Auto Shop Coaching Blog

How to Lose Your Good Customers Over Price

There are no price objections; only value questions.Art Sobczak

I’m losing business because of the pricing matrix!” This statement was made by a shop owner named Rich, during our weekly coaching call. Both his car count and average repair order (ARO) were down from the previous year.

He had two service writers named Steve and Chris. Even though they had the same invoice count, Steve held a 61% parts margin and a $400 ARO, while Chris hovered around 45% and $230.

I had Rich make the “where have you been” calls to determine why people weren’t coming back. He spoke to ten customers; five from each writer.

As suspected, he got feedback stating that he was too expensive. Four previously loyal customers mentioned finding another shop with lower prices. Which service writer do you think had the most complaints?

If you guessed Steve, guess again! None of his patrons mentioned the price. They had good things to say about him and the service. All of the complaints came from Chris’ customers.

Why would Chris’ clientele complain even though Steve was charging more? Keep reading and you will learn two ways to lose your good customers over price.

Only Mention What’s Wrong

Chris would only to talk to his customers about what needed to be repaired on the vehicle. Steve began his presentations by mentioning the positive findings from the courtesy check. Steve’s people felt their vehicle was worth investing in while Chris often heard the following: “I’m getting rid of the car, so why spend the money.”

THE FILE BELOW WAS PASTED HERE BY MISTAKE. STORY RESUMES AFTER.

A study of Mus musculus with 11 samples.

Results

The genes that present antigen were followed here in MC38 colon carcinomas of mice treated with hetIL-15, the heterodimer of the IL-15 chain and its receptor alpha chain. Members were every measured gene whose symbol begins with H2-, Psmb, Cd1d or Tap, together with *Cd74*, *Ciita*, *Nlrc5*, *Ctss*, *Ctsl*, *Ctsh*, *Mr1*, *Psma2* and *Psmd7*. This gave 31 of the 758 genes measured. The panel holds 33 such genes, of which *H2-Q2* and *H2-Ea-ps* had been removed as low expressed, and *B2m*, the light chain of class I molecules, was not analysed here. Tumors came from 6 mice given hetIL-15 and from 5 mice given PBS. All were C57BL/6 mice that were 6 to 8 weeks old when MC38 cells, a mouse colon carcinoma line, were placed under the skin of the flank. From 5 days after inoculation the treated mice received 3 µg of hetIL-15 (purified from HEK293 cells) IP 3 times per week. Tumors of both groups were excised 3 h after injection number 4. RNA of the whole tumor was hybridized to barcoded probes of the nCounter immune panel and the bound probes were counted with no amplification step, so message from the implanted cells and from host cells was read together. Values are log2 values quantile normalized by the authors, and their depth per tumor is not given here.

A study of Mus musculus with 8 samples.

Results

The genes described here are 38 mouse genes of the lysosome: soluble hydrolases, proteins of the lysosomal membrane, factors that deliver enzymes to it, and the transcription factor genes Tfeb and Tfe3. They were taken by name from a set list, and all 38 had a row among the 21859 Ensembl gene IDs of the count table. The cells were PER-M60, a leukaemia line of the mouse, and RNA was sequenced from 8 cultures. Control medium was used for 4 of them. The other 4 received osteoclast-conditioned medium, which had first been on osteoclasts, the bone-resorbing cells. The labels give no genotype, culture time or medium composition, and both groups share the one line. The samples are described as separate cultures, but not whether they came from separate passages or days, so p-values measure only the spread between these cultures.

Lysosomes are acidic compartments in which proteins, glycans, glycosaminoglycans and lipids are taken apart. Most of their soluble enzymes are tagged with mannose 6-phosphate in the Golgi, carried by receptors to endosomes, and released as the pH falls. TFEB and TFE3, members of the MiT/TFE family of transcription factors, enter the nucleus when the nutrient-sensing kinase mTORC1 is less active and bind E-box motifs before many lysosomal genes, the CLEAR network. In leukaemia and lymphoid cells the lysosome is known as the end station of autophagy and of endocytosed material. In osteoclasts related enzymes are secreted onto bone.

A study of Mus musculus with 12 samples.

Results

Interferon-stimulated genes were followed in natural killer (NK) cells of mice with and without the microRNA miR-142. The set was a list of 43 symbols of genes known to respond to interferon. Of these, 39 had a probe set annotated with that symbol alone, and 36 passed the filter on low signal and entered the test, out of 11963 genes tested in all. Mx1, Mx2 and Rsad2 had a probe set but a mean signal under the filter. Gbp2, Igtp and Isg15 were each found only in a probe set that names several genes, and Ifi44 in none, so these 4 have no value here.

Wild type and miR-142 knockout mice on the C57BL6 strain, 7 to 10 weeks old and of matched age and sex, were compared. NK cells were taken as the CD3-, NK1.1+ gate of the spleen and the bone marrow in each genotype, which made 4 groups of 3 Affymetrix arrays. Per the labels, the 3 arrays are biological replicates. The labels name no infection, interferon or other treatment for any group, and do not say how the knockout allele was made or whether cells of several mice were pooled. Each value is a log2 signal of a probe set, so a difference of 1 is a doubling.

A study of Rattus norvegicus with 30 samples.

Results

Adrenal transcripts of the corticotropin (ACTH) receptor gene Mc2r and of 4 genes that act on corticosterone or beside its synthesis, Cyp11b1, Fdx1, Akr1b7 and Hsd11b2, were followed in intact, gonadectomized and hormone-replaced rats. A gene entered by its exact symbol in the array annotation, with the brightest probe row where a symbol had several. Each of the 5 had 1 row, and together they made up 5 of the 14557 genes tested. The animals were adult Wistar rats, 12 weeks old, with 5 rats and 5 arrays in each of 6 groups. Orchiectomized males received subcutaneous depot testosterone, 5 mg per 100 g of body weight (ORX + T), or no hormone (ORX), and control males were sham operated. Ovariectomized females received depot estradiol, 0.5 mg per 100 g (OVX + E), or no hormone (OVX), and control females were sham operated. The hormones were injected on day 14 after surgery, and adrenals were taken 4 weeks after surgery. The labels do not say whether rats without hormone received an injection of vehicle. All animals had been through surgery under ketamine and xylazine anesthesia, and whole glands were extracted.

The customer has to value your service and their vehicle. If the customer feels the value, they will pay the price!

Don’t Do a Show and Tell

Steve did a vehicle walk around with everyone, which enabled him to show the worn tires and wiper blades. He experienced less resistance because he and the customer had the evidence in front of them. Chris didn’t have time to go out to the car, besides, “his customers” didn’t like going back outside.

If you only mention what’s wrong, and refuse to do a show and tell, you will end up with the same results as Chris!


Several weeks later, Rich terminated Chris, replacing him with a restaurant industry veteran who focused on talking about the positive items from the courtesy check and performing vehicle walks with the customer. The price complaints decreased and the margins increased!

Have you been hearing more price objections lately? Pay close attention to how your writer is communicating the value of both your service and the vehicles.